I've included an image of the way these TRP linear-pull brake calipers work, and how they'll look on the bike, because the studio shots of the E-117 are from the drive side. You can't see the other side, and I don't have an image of the other side. That elbow guiding the cable that you see allows the bike a fighting chance of keeping the cable close to the frame. Are these hard to adjust? Not really. You can see the 2mm (+/-) Allen screws controlling the tension on each side, and a barrel adjuster, so you should be fine with these.
Resist the urge to put any of these head tube extenders on your Argon 18. This is why God created armrest pedestals. I promise you these pedestals are more aerodynamic than the headset extenders. All the cool kids get elevation by pedestalling the armrests these days.
Fortunately the Vision Tech aerobars Argon 18 specs are of the newer sort where the pads and extensions pedestal as a unit.
If you then reject the entire premise of Argon 18's head tube extenders (which I do), you have a stack and reach of these frames as follows:
In sizes below this it's the Orbea Ordu OMP that makes the tiniest bike. Felt's is just as low in its front end, but the cockpit is about 10mm longer.
The next size up for all these bikes is size Large. The exception is QR's PRfive, which is 54cm. Yes, you think this is a pretty small-sized bike to equal everone else's L. Just understand QR's sizing scheme for it's PRfive and six. It names the stack in the size, so it's size 54cm is a bike with 54cm of stack, which is typical of size L. You'll see that in the blue circle again these companies agree (well, 3 of them agree). You could throw Trek Speed concept in size L, Cervelos and a number of other popular bikes in that blue circle.
But the line or slope for Argon 18's bike, the E-117, takes a literal left turn. That slope starts to climb steeply. What happened? The bike, as it moved from size M to size L, grew in height, but not much in length. The stack grew from 516mm to 543mm, which is in line with, and maybe a touch more than, the other bikes in this comparison. But while the other bikes moved to about 425mm in reach in size L, the E-117 only went from 405mm of reach in size M to 409mm in size L.
Of course you could just use a longer stem on the E-117 in this size. If you push the front end of this bike out 15mm to 20mm, you'll be where these other bikes are. Just, this difference at the head tube is translated to the bottom of the bike. Trek, QR, Felt, and Orbea have front/center distances that are 15mm to 25mm longer in size L. That won't change if you push the front end of the E-117 out. So, you'll have a little more weight in front of the steering axis.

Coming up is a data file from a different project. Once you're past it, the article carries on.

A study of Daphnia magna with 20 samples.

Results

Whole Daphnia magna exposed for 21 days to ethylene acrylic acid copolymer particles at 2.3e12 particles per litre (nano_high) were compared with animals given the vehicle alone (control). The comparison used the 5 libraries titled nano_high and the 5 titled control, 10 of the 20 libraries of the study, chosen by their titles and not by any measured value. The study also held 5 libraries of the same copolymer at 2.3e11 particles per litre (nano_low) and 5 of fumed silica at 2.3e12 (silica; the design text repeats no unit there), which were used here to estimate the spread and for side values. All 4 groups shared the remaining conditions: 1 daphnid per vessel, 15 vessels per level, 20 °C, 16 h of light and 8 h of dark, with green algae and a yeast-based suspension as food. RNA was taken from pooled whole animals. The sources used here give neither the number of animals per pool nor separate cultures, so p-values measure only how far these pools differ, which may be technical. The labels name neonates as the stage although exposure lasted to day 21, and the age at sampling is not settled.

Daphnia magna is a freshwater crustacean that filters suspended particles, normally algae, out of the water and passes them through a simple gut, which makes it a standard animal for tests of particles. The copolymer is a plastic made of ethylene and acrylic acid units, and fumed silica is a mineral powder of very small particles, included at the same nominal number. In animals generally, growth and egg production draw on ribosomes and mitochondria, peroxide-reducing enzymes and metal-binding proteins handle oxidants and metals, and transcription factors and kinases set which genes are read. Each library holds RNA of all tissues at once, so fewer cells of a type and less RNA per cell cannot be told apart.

Deal breaker? No. Just depends on the rider. These size-L bikes with 540mm of stack fit me nicely, but honestly 425mm of reach is tight for me. I really need more like 435mm. So, to me, the E-117 would not be a proper choice because I'm already on the edge of a Speed Concept not being long enough.
Why is the E-117's L sized like this? I don't know, but I have a guess. Argon 18 sponsors no fewer than 5 teams that are at or above UCI Continental status, which means they must conform, in timed racing, to the infamous UCI rule 1.3.023. I won't explain the rule in detail, but it constrains the positions of those who ride bikes like these. This UCI rule might be a design input.
Trying to parse all these numbers, comparing the E-117 to the charts provided by QR and Felt, it seems that the E-117 is in the discussion but maybe a tick behind these other bikes. Maybe around Cervelo's P3?
To me, the test provided read like an honest appraisal of this bike. It's fast, it's not superbike fast, but it's mortal bike fast.
About the "+" frame, I'll write more about this in the future but: you can configure it to a single bottle for supported races, or carry the kitchen sink if you prefer. It also has a different lay-up (I've written about lay-up schedules recently, so I hope you know what I refer to), and it includes the front hydration system you see here, which is a Torhans. The fork is 50 grams lighter and the frame is 170 grams lighter than the non-+ version.
With all the disclaimers and exceptions noted, I just love this bike. I love it most in sizes XS, S and M. I love it with no head tube extenders. And no built-in rear hydration. I love the price and that you get a lot of Ultegra for that price. I might change the extensions and the saddle, that's it. The front gearing is perfect: 52/36. The rear is 12/25, and I'd ask the retailer to swap me an 11-something. This, then, gives me a bike that is again in that mid-to-high $3000s, when I've got it set up the way I want.
Well, yeah. Starky. In my opinion, with respect to those who finish higher overall, Andrew Starykowicz is one of the top 3 most bankable, effective pro triathletes, of any gender, when it comes to selling bikes.
To those who disagree with my analysis of his worth, I have three words for you: Stadler, Zäck, Hellriegel. These guys sold bikes and they sold them because they stomped on the pedals. Yes, Stadler and Hellriegel won Kona, but they didn't sell bikes because they won Kona, but because of how they won it. And Zäck was probably ahead of them all as a bike endorser and he never won Kona. (Yes, I know that some of these guys above also brought baggage, as does Starky, I'm simply referring to the factual history of which athletes were key bike endorsers throughout triathlon's history.)
I mention this because I see Starykowicz and this new OMP linked in a way I don't see with almost any other bike companies. Maybe Jordan Rapp and Dimond. But this a Natascha-Cheetah thing. Starky's attitude flows onto the bike, and it kind of makes me want one.